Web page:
Free templates and legal guides for Non-Disclosure Agreements
What is a Non-Disclosure Agreement?
A Non-Disclosure Agreement (NDA) or Confidentiality Agreement is a legally binding contract that decrees that some or all information contained within must remain confidential. Depending on the nature of the Non-Disclosure Agreement, single or multiple parties may be subject to its clauses.
While some Non-Disclosure Agreements are written into other contract types, it is most common for them to be used on a standalone basis when specifically needed. Get full disclosure on what NDA really is here.
What should be included in a Non-Disclosure Agreement?
While every Non-Disclosure Agreement is different depending on your specific needs, there are several clauses and conditions that you should ensure are covered every time you use this document.
- The parties involved. Typically referred to as the “Discloser” and the “Recipient,” you need to outline who is disclosing the information to be kept confidential, and who is receiving it and thus subject to the agreement.
- Penalties for breach of the agreement. If a dispute arises or action needs taking against either party for a violation, the Non-Disclosure Agreement should outline the penalties for which either party will be held liable.
- Duration of the Non-Disclosure Agreement. Detail the length of time for which the Non-Disclosure Agreement will remain in force. This is a vital clause to include in your Non-Disclosure Agreements. It prevents another party from sharing confidential information about your business should negotiations break down about a business deal, for example.
When should you use a Non-Disclosure Agreement?
There are various situations in which you might use a non-disclosure agreement.
The most common usage of these documents is during discussions around business deals like partnerships, mergers, acquisitions, and takeovers. For example, in partnership discussions, both parties may wish to undertake due diligence around the financial situation of the other. Using a Non-Disclosure Agreement would mean that both parties can share and see each other's sensitive data and be covered against either releasing it in the event an agreement cannot be reached. Likewise, if a business is looking to sell, a non-disclosure agreement is helpful as they can share data with interested parties safe in the knowledge it won't be publicly disclosed should the deal not go ahead.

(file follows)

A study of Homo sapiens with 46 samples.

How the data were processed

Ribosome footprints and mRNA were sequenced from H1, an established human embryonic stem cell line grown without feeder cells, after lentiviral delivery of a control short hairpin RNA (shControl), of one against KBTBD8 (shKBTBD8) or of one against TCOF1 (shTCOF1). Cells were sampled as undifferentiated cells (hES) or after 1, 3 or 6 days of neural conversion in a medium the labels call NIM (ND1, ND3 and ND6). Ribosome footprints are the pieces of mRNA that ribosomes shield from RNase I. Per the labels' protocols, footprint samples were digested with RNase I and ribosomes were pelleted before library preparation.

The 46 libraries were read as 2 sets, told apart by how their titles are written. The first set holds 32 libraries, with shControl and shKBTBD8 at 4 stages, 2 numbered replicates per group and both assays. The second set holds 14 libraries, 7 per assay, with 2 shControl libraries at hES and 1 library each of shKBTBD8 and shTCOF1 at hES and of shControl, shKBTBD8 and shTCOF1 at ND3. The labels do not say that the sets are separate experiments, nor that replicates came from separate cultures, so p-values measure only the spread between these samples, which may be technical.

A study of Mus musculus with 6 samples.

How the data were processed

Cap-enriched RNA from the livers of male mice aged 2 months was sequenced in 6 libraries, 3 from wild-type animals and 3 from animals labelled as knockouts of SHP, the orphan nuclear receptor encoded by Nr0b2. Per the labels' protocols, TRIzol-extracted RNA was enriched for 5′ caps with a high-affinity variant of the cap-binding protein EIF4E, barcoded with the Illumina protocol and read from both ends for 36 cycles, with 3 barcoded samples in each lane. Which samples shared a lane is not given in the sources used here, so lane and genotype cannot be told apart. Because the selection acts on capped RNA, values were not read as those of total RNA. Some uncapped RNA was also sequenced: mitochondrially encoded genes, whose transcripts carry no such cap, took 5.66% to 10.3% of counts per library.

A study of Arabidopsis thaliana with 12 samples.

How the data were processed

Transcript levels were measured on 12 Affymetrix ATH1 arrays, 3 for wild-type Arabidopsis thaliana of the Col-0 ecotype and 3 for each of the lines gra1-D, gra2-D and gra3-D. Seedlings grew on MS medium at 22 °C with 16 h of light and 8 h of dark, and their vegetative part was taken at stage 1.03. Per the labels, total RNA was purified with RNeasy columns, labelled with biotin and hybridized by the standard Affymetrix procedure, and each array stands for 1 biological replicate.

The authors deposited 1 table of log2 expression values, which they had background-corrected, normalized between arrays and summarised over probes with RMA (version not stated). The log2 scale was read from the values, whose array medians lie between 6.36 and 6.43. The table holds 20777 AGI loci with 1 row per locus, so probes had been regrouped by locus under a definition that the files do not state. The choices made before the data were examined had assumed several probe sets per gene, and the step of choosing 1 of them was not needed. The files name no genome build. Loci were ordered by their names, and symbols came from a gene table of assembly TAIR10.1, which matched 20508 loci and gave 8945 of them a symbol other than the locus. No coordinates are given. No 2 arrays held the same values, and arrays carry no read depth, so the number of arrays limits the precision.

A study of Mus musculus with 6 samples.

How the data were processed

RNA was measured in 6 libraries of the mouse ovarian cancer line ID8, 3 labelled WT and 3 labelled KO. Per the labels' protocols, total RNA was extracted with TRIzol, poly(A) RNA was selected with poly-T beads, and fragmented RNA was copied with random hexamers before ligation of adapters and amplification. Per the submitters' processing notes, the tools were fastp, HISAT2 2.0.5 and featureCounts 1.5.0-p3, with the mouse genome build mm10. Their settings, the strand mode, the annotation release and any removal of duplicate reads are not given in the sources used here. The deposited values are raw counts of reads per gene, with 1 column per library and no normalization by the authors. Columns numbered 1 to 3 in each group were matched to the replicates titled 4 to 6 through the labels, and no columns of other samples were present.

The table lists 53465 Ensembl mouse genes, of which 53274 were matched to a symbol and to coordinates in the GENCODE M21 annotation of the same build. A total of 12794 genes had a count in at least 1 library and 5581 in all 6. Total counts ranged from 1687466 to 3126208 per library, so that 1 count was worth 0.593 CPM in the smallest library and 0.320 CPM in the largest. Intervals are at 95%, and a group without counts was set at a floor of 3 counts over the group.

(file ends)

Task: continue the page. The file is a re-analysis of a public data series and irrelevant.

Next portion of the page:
Non-Disclosure Agreements are also widely used alongside employment contracts or when using freelancers or other gig economy workers. Employees may encounter and work with a significant volume of confidential information when going about their duties, and many businesses choose to have a Non-Disclosure Agreement in place alongside an employment contract. Likewise, if you’re working with freelancers or other gig economy workers on a short-term or service contract basis, using a non-disclosure agreement can help you ensure they can work as they need to while protecting your business in the longer term.
Why use a Non-Disclosure Agreement?
Using a Non-Disclosure Agreement ensures that you can prevent any sensitive or confidential information about your business or an individual from being released into the public domain. While the foundational use of a Non-Disclosure Agreement relates to keeping things confidential, there are several "real world" reasons why you may benefit from having a Non-Disclosure Agreement in place.
- You can better take care of your data protection obligations. All businesses are subject to data protection regulations to some extent. By using a Non-Disclosure Agreement, you not only protect your own data but any information relating to third parties or consumers that people or other businesses may need to view.
- You can run your business more effectively. The whole world knowing about how your business operates or what new products you have coming to market is not a sustainable platform for achieving success.
- You can avoid adverse publicity. Often, internal data about your business won't always be flattering or show you in a positive light. Using a Non-Disclosure Agreement can help prevent that data from coming into the public domain and causing reputational damage to your company.
- You remove any doubt around how data should be used. Working in “good faith” is nice, but it usually isn’t a good idea in the modern world. Using a Non-Disclosure Agreement makes it 100% clear what is and isn’t able to be disclosed publicly.
Where and how to use a Non-Disclosure Agreement
It’s a good idea to have a Non-Disclosure Agreement in place whenever there is anything that you don’t want put into the public domain. While Non-Disclosure Agreements are typically between a business and an external party, they can also be effective when used alongside employee contracts or with freelancers and gig economy workers.
Use Contractbook’s Non-Disclosure Agreement template to help you customize your NDA’s 100% to your needs, either it is mutual or one-sided.